The U.S. Council of Muslim Organizations convened its first National Muslim Leadership Teleconference on the Coronavirus Covid-19 contagion’s impact on the Muslim community on March 21. Reps. Ilhan Omar (D-MN) and Andre Carson (D-IN) participated along with 113 organizational leaders.
The two members of congress detailed the intensive efforts to ensure the then-developing stimulus package provided for the urgent financial and healthcare needs of unemployed Americans and income-deprived individuals and families.
The US Senate passed the historically large rescue bill early Wednesday. The House will take it up for debate and vote Friday. Both Omar and Carson, who lauded USCMO for the teleconference, committed to updating the forum in a week.
Attendees asked the representatives about federal preparations to help combat Covid-19, testing and treatment implications regarding immigration and deportation, and to include provisions for nonprofit organizations reliant on donations in the package.
Metro-IAF Co-Chair Martin Tremble addressed the dire situation of faith-based organizations and nonprofits. His group, like USCMO and many of its member associations, is an affiliate of the Industrial Areas Foundation, a citizen leadership development forum, the largest faith and community-based organizing group in the United States. Tremble stressed the critical importance for people to call their congressional representatives, urging them to pass a fair stimulus bill on Friday that puts working Americans, families, and seniors first, and not letting the legislation devolve into another shock-doctrine bailout.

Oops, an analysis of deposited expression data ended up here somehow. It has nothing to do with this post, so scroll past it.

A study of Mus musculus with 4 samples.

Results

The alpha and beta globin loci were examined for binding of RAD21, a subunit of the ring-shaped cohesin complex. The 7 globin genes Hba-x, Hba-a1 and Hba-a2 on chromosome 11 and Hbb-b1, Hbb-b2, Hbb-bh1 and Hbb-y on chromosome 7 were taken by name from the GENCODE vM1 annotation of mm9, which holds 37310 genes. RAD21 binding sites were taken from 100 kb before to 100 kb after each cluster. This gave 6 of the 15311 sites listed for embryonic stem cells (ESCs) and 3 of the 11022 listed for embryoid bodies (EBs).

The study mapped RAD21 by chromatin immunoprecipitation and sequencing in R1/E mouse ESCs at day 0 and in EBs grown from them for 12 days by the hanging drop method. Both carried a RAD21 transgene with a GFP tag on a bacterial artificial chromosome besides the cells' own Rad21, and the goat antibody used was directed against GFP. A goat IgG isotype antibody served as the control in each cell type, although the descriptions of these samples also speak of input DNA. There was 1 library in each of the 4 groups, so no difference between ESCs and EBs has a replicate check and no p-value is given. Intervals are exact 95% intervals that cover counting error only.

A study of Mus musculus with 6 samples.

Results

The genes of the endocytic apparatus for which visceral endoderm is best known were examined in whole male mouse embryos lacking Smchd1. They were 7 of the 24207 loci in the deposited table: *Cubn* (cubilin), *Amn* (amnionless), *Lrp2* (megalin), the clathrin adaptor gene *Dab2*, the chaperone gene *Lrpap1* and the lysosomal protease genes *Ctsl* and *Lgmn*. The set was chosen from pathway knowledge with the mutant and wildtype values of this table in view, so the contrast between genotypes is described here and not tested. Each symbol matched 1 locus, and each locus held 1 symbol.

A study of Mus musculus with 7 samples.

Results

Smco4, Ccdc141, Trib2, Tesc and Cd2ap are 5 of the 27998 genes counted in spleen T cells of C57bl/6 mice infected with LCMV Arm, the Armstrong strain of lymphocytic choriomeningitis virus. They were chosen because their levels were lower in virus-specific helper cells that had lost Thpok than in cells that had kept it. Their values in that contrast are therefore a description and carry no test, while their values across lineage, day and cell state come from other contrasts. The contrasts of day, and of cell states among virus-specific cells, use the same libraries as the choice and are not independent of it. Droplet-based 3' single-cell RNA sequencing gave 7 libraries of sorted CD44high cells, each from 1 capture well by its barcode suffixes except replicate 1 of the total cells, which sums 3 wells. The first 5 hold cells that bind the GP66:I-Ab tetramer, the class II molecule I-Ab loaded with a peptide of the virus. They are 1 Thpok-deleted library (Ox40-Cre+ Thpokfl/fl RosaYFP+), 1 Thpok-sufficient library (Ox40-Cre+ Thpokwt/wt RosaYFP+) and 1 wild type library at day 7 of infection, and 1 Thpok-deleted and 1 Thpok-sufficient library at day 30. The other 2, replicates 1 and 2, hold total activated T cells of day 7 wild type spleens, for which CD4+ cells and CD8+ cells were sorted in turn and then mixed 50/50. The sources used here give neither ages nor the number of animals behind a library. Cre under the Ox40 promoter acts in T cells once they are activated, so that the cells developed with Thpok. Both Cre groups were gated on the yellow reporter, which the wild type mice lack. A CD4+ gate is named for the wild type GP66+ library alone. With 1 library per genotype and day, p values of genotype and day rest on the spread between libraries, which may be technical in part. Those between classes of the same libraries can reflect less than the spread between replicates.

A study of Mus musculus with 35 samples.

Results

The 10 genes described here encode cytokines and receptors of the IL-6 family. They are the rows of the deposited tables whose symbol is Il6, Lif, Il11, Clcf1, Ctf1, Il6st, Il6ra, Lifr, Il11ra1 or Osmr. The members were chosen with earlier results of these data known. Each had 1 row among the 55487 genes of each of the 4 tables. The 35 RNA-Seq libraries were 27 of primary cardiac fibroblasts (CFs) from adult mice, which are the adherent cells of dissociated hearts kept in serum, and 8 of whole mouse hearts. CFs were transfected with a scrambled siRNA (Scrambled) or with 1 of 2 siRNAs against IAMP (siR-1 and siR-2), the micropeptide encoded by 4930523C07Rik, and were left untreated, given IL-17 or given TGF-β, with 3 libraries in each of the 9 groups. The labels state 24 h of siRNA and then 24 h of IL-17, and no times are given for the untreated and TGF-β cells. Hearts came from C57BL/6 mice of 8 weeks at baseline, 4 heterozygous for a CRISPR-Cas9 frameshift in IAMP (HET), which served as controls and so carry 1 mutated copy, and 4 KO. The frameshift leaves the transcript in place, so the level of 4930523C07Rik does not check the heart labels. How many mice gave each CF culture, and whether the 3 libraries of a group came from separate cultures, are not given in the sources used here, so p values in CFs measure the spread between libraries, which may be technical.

USCMO Secretary General Oussama Jammal briefed the community heads on the recent White House Faith Leaders teleconference and its updates on the Covid-19 crisis and response. He asked White House representatives to include relief provisions for nonprofits in the stimulus package. They promised a response in the next meeting.
Local Muslim councils from New York, Chicago, and Southern California summarized their substantial efforts to inform their communities and innovate new ways of meaningful cooperation and contact. They noted the strong and creative answers to the contagion crisis of their local task force teams.
American Muslim relief organizations – including Islamic Relief, ICNA Relief, and Zakat Foundation of America – outlined their vital emergency response to the wildfire spread of COVID-19. These included Islamic Relief’s $1.9 million in assistance to jobless, low-income families suffering local community lock-downs.
ICNA Relief dispatched more mobile clinics to assist areas around the country enduring infectious breakouts in addition to local distribution of food and other much needed items.
The Zakat Foundation made emergency door-step deliveries of more than 30,000 family food baskets, lunch buckets, and stocked hygiene kits to those enduring loss of provision, money, and mobility in New York, San Francisco, Chicago, St. Louis, Delaware, and other metro areas.
In addition, Zakat Foundation’s professional mental health project, the Khalil Center, began free web therapy consultations for Americans dealing with anxiety or illness, bolstered its mental crisis hotline, and uploaded a series of YouTube videos on coping with isolation.
Owaiz Dadabhoy, Islamic Shura Council of Southern California chairman, advised community leaders on ways to keep their nonprofits operating during the extended crisis, including options open for them to consider.